DENVER – As supporters and critics of a controversial $1 billion tax hike prepare to square off, a non-partisan group of influential public and private organizations announced an effort that may help policymakers and voters better understand the real-world impacts of such changes in public policy.
The group, which is composed of the Common Sense Policy Roundtable (CSPR), the Denver South Economic Development Partnership, the Metro Denver Economic Development Corporation, and the University of Colorado Boulder’s Leeds School of Business, unveiled an economic modeling program Tuesday that they say will provide unbiased information about the economic effects of changes in things like spending levels and tax rates.
The econometric model comes from Regional Economic Modeling Inc. (REMI), and the partnership says it will provide policy makers a much more substantive view on the impact of legislation.
“Colorado is facing many significant issues that will undoubtedly have substantial impacts on jobs and our economy,” said CSPR’s Earl Wright, which released its own analysis of a proposed tax hike in 2011. “REMI will provide us with accurate analysis and long-term economic impacts of these actions and the data we need to make informed decisions.”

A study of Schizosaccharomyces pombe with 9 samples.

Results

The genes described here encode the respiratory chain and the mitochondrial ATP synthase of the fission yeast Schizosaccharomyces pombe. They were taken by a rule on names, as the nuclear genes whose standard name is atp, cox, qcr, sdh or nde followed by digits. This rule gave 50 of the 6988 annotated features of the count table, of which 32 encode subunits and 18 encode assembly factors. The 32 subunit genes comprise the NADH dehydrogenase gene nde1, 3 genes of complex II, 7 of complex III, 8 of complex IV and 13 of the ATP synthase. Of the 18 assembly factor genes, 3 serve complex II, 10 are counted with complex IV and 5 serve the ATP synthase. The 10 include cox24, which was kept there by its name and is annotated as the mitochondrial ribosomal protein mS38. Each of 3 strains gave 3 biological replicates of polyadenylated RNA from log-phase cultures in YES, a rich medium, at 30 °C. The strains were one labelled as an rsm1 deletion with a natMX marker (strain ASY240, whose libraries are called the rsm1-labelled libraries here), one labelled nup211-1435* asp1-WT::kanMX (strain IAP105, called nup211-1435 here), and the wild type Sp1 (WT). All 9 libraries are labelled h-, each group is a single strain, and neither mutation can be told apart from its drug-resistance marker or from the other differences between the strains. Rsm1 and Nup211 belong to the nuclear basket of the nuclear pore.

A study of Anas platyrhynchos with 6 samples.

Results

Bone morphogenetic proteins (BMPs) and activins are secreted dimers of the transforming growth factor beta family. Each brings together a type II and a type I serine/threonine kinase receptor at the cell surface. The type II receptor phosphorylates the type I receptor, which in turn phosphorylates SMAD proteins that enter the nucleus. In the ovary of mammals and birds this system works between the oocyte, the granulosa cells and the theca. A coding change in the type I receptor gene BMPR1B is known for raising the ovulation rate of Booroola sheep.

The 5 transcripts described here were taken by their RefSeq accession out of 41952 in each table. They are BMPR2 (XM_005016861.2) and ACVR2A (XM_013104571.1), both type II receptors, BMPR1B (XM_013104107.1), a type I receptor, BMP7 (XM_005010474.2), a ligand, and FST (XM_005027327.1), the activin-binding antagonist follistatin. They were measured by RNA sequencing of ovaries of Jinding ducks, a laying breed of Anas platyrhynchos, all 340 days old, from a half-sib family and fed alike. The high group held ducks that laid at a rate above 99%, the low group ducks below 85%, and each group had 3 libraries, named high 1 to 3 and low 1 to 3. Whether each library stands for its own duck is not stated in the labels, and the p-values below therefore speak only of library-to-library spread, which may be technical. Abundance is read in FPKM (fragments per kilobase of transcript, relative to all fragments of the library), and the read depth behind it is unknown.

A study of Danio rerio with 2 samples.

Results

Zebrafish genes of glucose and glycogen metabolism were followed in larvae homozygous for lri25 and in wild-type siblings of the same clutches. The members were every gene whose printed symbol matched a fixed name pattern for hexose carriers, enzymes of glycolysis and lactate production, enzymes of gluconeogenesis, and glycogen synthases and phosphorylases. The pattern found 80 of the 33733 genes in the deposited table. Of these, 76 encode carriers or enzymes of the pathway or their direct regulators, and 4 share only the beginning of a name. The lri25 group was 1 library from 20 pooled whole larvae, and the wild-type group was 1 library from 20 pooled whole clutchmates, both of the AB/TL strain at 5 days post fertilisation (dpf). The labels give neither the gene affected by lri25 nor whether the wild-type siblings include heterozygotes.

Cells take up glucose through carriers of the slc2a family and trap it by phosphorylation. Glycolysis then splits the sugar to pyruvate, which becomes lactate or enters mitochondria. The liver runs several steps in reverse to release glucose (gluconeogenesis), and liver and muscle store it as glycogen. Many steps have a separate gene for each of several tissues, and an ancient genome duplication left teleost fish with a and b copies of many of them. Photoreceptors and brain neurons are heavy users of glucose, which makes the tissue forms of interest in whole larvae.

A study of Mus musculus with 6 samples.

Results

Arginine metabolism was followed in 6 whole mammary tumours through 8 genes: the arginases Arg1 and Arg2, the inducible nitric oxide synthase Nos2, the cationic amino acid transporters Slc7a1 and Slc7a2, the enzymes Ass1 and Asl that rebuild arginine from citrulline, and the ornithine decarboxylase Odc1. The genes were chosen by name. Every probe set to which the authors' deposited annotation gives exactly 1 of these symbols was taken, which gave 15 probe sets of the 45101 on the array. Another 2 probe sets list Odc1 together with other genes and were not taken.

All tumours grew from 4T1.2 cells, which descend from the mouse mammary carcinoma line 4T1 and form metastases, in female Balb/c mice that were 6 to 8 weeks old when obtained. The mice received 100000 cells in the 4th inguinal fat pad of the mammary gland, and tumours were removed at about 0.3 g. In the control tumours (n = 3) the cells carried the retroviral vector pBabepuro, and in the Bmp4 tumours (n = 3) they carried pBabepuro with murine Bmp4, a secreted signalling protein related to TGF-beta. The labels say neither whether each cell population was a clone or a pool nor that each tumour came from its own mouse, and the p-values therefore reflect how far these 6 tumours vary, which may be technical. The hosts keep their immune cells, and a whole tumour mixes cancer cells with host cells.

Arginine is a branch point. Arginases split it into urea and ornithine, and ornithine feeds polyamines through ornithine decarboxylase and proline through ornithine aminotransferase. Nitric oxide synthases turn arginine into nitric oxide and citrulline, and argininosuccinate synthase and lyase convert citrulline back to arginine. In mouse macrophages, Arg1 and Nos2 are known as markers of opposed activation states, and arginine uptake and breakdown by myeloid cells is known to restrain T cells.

For years, critics have complained about a failure by policymakers to measure the “dynamic” effects of statutory changes on the economy. Currently, lawmakers can only gauge the costs of proposed changes through a so-called “Fiscal Note,” which only sets forth how many public dollars a specific bill might generate or expend – without examining a proposal’s broader impacts on things like job creation, for example.
That’s something the group is hoping REMI will change.
“The REMI model has the ability to analyze complex economic questions by considering thousands of variables in response to policy changes as opposed to traditional econometric models that take only input/output into account,” read a statement from the group.
The dynamic econometric modeling will be overseen by representatives of each of the four groups, who say they are optimistic about the opportunity to provide policymakers and the public with a more comprehensive “big picture” look at changes in the law.
“The REMI model will aid Colorado decision makers in debating and weighing the impacts of the largest public policy decisions facing our state,” said Tom Clark of the Metro Denver Economic Development Corporation. “REMI will allow us to weigh the full impacts of legislation, ballot initiatives and other projects on Colorado’s economy. It will be a valuable tool for our state.”
According to the group, the first proposal analyzed by the new model will be Initiative 22, a $1 billion tax hike plan that voters may be asked to decide on in November. The report is expected in August.